Taking in the 'special moment'

Last Friday and Saturday, the Chargers held a two-day rookie minicamp that featured the newest members of the Bolts' squad.

Following Friday's practice, Chargers first-round pick Zion Johnson, offensive lineman Jamaree Salyer, defensive lineman Otito Ogbonnia and running back Isaiah Spiller recapped their first practice in a Chargers uniform.

"It felt great," Johnson said. "It felt good to learn new things. Now I know the techniques that [Offensive Line] Coach [Brendan Nugent] wants to do and I have the opportunity to go work at it on my own and just get better at those things that he likes to do."

Salyer, who talked about 'learning how to be a pro' and taking in all the new information at camp, expressed the emotions going through one of the first steps of his pro career.

"Man, it's just crazy to kind of take it all in," Salyer said. "Even just walking right here, it's like crazy. When I first got into the locker room for the first time, you look around and it's like, 'Man, I'm here.' It's a special moment, but you have to make it special fast and then get to work. It's a cool experience."

Ogbonnia is already ahead of the curve when it comes to playing football in Los Angeles by spending his collegiate career at UCLA. He explained where his focus was during camp.

"You work your whole life for this," Ogbonnia said on being a part of a NFL team. "And now that it's finally here, you want to get that 'finally here' thing out of the way and really get to work. That's what I'm focused on doing; How can I make an impact on this team?"

Transition from college to pros

From meeting with coaches to bumping into veteran players at the team facility, the Chargers' rookies used all of the tools they could get their hands on to jump start their pro careers. After practice on Friday, Johnson even got pointers from second year tackle Foster Sarell as he headed to the podium to speak to the media.

Salyer, who said he got a chance to talk to Pro Bowl left tackle Rashawn Slater last season, talked about what he needs to do in order to have a seamless transition to the pros.

"For me, just showing that I am the player that I am," Salyer said. "Learning, No. 1, how things go around here. Picking the vets brains as I see them in the locker room. I've just seen some for the first time today. I'm picking their brains and learning what it is to be a Charger. Learning how to be an o-lineman in the pros and just taking coaching, learning this system and integrating. That's what it is, integrating."

Running back Isaiah Spiller gave insight into how he describes his running style and talked about how the offense he was part of at Texas A&M will help him pick up what he's learning now in L.A.

"It's pretty similar," Spiller mentioned. "[Texas A&M Head Coach] Jimbo [Fisher] runs a pro-style offense, so it kind of prepares you for the [National Football] League. I'm able to pick up on stuff a little faster because I've seen it before."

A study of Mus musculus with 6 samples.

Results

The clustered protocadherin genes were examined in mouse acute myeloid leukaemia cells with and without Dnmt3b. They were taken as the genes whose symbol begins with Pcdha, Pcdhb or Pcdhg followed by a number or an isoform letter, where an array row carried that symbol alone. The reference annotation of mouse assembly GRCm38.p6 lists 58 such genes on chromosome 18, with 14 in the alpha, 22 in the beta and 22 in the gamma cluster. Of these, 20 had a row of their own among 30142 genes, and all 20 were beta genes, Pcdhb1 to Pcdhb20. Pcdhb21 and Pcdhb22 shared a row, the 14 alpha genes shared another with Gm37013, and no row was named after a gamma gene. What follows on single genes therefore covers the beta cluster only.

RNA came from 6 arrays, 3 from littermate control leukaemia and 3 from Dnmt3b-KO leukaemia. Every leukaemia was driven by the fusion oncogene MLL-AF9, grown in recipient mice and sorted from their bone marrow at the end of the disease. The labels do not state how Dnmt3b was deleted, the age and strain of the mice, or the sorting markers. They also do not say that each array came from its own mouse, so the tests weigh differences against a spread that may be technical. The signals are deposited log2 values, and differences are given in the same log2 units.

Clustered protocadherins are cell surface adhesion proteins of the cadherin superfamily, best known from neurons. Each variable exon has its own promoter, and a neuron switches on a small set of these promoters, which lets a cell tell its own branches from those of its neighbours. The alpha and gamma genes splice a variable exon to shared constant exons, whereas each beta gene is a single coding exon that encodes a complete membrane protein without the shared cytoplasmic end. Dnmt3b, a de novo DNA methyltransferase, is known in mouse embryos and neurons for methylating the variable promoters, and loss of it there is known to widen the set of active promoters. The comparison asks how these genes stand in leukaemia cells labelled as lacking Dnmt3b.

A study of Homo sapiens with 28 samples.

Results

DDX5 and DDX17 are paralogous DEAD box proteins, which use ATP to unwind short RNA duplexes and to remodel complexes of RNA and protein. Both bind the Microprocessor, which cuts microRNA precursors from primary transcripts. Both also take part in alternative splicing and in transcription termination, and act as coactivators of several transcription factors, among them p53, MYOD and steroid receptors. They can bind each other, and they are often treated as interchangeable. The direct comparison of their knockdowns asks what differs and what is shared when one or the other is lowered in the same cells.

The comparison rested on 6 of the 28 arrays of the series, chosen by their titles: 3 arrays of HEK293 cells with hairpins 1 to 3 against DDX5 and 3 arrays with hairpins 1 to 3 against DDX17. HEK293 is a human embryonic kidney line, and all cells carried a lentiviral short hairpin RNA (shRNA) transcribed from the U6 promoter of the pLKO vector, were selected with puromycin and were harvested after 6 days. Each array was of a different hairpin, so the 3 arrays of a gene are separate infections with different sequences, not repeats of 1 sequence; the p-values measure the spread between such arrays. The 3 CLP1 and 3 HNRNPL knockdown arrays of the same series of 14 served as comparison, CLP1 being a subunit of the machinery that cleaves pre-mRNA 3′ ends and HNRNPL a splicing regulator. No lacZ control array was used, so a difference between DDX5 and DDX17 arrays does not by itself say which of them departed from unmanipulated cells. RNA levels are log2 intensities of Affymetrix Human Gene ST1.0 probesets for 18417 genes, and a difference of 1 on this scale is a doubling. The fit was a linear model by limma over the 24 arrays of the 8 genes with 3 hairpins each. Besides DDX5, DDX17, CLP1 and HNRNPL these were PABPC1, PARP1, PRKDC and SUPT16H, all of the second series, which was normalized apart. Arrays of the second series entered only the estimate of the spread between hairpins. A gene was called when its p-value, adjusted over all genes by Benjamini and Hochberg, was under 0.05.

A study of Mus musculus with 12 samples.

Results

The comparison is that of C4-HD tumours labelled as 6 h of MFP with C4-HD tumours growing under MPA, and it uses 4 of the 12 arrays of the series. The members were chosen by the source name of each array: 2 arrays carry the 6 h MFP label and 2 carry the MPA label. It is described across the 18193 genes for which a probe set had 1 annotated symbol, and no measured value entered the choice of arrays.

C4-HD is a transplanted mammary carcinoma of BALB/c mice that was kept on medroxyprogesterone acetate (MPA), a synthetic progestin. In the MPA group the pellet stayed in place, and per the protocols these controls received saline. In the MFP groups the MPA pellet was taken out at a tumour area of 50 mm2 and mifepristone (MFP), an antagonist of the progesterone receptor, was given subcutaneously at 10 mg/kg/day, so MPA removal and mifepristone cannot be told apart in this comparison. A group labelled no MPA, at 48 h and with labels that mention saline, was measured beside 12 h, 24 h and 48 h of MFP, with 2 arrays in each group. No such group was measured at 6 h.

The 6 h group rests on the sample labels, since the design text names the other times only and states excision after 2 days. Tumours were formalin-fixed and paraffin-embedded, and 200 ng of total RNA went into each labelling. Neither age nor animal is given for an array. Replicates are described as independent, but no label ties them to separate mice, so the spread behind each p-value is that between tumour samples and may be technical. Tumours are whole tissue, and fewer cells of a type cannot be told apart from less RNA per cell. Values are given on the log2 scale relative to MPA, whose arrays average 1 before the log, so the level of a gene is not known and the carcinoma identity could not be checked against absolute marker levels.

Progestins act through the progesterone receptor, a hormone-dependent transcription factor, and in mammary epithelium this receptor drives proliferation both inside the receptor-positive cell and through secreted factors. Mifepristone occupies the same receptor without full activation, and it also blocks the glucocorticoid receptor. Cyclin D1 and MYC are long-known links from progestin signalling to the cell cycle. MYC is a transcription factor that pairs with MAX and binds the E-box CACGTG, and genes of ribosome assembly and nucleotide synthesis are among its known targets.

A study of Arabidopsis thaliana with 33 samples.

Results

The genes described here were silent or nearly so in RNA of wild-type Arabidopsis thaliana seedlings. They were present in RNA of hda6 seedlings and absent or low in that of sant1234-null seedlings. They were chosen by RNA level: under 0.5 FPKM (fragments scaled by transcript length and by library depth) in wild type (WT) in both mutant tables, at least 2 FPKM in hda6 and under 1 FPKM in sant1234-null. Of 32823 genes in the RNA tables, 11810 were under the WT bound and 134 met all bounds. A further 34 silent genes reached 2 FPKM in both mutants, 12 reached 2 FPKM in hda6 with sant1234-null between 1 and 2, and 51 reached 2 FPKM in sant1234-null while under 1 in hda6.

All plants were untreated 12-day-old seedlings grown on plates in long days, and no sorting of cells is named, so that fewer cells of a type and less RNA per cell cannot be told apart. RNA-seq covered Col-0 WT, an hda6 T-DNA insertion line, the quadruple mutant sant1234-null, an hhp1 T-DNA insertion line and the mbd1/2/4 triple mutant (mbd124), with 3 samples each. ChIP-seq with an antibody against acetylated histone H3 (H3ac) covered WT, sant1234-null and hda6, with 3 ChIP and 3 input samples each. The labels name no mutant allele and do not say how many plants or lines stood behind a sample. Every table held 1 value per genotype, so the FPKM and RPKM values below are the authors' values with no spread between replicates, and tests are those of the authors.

Ogbonnia had a unique opportunity being the only defensive lineman at rookie minicamp to get one-on-one coaching with Chargers defensive line coach Jay Rodgers. Ogbonnia talked about what it means to team up with elite players like OLBs Joey Bosa and Khalil Mack in the NFL.

"It means everything," Ogbonnia said. "I've been watching Bosa since his time at St. Thomas Aquinas [High School]. Khalil Mack, I've been watching for a while now. To see two possible future Hall of Famers, and to play with those guys, it's crazy. I'm just trying to take everything away that I can from them and learn from them as much as possible."

Odds and Ends

  • College reunions: Ogbonnia had the chance to reunite with former UCLA teammate and Chargers running back Joshua Kelly: " He was a little bit more elated than he typically is to see me," Ogbonnia said. "He was like, 'Let's go.' It's crazy how full circle that's come because I was there with him my first two years and to see him and be his teammate again, it means everything to me." Salyer was able to reconnect with former Georgia teammate Mark Webb Jr. and is looking forward to seeing tight end Tre' McKitty. He explained how having two college teammates on the Bolts helps lay out a 'blueprint' for his success as a pro.
  • Learning from Brandon Staley: Salyer talked about his first meetings with head coach Brandon Staley and what stood out most to him: "It's the way he breaks things down...It's like, 'I want you to learn how to play football our way. The way that we do it. I want you to learn how to be a Charger, learn how to block, learn how to tackle, learn how to break tackles.' He's broken it all the way down, straight like that. Literally, like pee wee football. I thought that was pretty cool. It kind of gives us a sigh of relief as rookies to come out and just learn it."
  • Spiller describes his running style: "I feel like I can do it all. I can run inside and outside, between the tackles. I can make you miss, run you over. I feel like I really can do anything, and I'm ready to show that."
  • No shoes, no problem: At the NFL Combine, Johnson cranked out an impressive 32 reps on the bench press, the most reps amongst offensive linemen. Johnson managed to hit that number while he was barefoot, a technique that he started when he began training at Exos. Johnson explained why he uses that technique: "I like to train my feet to feel contact on the ground. It just helps me, in particular, feel more in control having all points of my feet on the ground. I can feel my toes on the ground and everything."